Safe Solutions

Getting the lead out

An Occupational Safety and Health Administration (OSHA) citation recently was given to a roofing contractor who was removing a lead-coated copper roof. OSHA claimed the roof removal generated lead-containing dust and the contractor used insufficient employee safeguards. The roofing company received five willful citations and $315,000 in fines for failure to conduct initial exposure monitoring; provide proper personal protective work clothing and equipment; conduct training for handling lead materials; provide respirators and train employees to use them; and institute a biological monitoring program. Two other serious citations totaling $8,000 were issued for failure to have a complete lead-compliance program or collect personal samples of lead exposure.

Copper coated with lead provides alternative color options and reduces staining from water runoff. Once exposed to weather, the lead-coated surface reacts with moisture and other atmospheric components to form various substances, giving the material a range of surface patinas.

However, there are concerns with lead materials, which require careful removal and installation.


The OSHA lead standard "applies to all construction work where an employee may be occupationally exposed to lead," including demolition, installation, alteration, cleanup, repair and maintenance. It requires you to make an initial exposure assessment to determine whether an employee is exposed to lead at an airborne concentration of 30 mcgs/m³ of air or greater as an eight-hour time-weighted average; OSHA refers to this as the "action level."

OSHA has set the permissible exposure limit (PEL) for lead at 50 mcgs/m³ of air as an eight-hour time-weighted average. Until employee exposure monitoring has been completed, you must treat workers as though lead exposure exceeds the PEL. You must provide:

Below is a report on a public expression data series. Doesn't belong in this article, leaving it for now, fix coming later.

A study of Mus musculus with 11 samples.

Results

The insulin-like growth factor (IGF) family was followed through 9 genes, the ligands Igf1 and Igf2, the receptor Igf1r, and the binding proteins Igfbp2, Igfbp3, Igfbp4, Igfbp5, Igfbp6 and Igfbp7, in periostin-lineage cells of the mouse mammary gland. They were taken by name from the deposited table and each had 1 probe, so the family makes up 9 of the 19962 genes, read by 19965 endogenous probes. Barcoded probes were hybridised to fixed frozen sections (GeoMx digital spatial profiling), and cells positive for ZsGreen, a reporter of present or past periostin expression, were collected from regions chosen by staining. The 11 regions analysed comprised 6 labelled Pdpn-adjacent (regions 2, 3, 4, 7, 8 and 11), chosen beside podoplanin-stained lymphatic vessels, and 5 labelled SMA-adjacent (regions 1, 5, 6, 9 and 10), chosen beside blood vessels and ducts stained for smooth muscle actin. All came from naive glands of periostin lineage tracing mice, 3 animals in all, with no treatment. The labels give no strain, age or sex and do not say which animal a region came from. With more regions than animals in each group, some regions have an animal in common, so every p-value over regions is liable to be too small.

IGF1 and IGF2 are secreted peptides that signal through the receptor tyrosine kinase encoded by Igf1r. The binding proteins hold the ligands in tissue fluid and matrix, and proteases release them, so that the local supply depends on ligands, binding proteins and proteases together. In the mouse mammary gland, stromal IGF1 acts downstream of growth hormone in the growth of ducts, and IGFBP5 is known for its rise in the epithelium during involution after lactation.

• Appropriate respiratory protection and personal protective clothing and equipment
  • Clothing-change areas and hand-washing facilities
  • Biological monitoring (blood sampling and analysis)
  • Training for hazards, remedies and equipment

According to the standard, respirator selection is a function of presumed exposure depending on the type of work being done in instances where an initial exposure assessment is absent or not complete or on the basis of an exposure monitoring result indicating a precise airborne lead concentration. The regulation sets out presumptive levels of lead according to various types of work.

Respirator options range from a half-mask, air-purifying respirator for exposures at or below 10 times the PEL to a full-facepiece, self-contained breathing apparatus for exposures at or below 50 times the PEL. Different respirators are approved by OSHA for manual demolitions involving lead-coated materials versus cutting or torching lead-coated materials. OSHA requires engineering and work practice controls, if feasible, as primary methods to reduce lead exposures below the PEL; respirators supplement those controls to ensure worker protection.

In addition to suitable respirator selection and use, OSHA requires full-coverage protective gear, gloves, hats, shoes, and face shields or goggles when lead exposures exceed the PEL. This also applies during the period when the exposure level initially is being assessed and work involving lead takes place.

You must provide a worker exposed to lead at an airborne concentration exceeding the action level on any day initial medical surveillance consisting of blood sampling and analysis for lead. The testing must be offered at no cost and at a reasonable time and place.

Information regarding lead hazards should be part of your hazard training. Additionally, any worker exposed to lead at or above the action level must be trained on the lead standard, operational exposures, respirators, engineering controls and work practices, lead compliance plan provisions, and worker rights to records and warnings.

Take care

Lead exposures in roofing often are not obvious. OSHA's construction lead standard contains requirements subject to varying interpretations, and inevitable legal challenges can be expected by employers cited under the standard. In light of recent events, you should be vigilant when workers remove or install materials containing lead.

Harry Dietz is NRCA's director of safety and regulatory compliance.